Surf rage: make waves, not war

The surf population is growing, the waves per surfer are fewer, and local surfers get dropped in.

When surf rage hits the water, the worst can happen. Every surfer has seen or watched a surf fight, and as with everything in (wild)life, usually the strongest wins.

Sometimes, disrespect for the surfing rules and priorities ignites these endless beach-and-water fights.

In other situations, some surfers are simply looking for a few punches after a terrible day in the office.

In Australia, surfers have been told to follow an official code of conduct to avoid surf rage scenes.

The surf etiquette poster was put up on New South Wales beaches. The idea is to protect the less experienced but also the ones who are looking for trouble.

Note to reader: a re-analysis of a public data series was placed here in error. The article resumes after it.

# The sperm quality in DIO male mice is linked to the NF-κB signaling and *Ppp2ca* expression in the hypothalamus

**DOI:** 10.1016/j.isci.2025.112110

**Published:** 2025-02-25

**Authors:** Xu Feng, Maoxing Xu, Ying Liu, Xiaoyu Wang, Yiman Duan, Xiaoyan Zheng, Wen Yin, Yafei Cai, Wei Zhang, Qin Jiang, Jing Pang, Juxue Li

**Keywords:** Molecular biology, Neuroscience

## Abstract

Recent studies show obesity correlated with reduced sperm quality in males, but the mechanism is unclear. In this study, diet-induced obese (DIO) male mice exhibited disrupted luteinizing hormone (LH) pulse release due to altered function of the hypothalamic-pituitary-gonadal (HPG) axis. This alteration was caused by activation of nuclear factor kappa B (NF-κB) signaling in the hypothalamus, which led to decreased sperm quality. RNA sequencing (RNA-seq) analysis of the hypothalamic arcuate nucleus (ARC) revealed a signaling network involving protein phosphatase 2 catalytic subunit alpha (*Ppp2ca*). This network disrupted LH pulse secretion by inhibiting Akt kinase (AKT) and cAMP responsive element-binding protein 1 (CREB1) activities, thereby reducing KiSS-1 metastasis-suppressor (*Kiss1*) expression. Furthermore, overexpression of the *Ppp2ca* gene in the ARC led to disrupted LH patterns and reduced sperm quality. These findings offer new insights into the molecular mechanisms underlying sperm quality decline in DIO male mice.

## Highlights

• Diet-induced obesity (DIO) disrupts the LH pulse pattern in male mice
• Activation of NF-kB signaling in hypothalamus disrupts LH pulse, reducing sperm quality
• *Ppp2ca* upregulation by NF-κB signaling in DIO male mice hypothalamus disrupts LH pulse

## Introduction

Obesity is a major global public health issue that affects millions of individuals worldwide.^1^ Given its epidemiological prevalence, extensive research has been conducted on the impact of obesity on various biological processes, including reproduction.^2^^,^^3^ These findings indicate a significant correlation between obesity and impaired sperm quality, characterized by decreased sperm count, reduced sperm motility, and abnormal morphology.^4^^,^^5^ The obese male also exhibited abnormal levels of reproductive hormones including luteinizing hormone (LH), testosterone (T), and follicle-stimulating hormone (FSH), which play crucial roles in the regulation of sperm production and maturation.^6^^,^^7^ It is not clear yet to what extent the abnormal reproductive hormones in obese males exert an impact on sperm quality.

Yes, sometimes there aren't simply enough waves for everyone. Yes, sometimes others make mistakes.

First of all, we all need to talk more. Surfing is not a violent sport. The world enjoys our relaxed and laid-back lifestyle, so why burn it with slaps?

Avoiding stitches in the head, bites, broken teeth, and smacked faces is easy. After these waves, another one will come even better.

Over the internet, there are many examples of surf rage, surf fights, and miscalculated drop-ins.

Respect the locals, the surf rules, and the priorities. Greet a visiting surfer because, one day, you will be surfing on his beach, too. Say no to localism.

Watch the worst surf rage fights ever. The last video, featuring iconic pro bodyboarder Paul Roach, ends as all should end. Peace.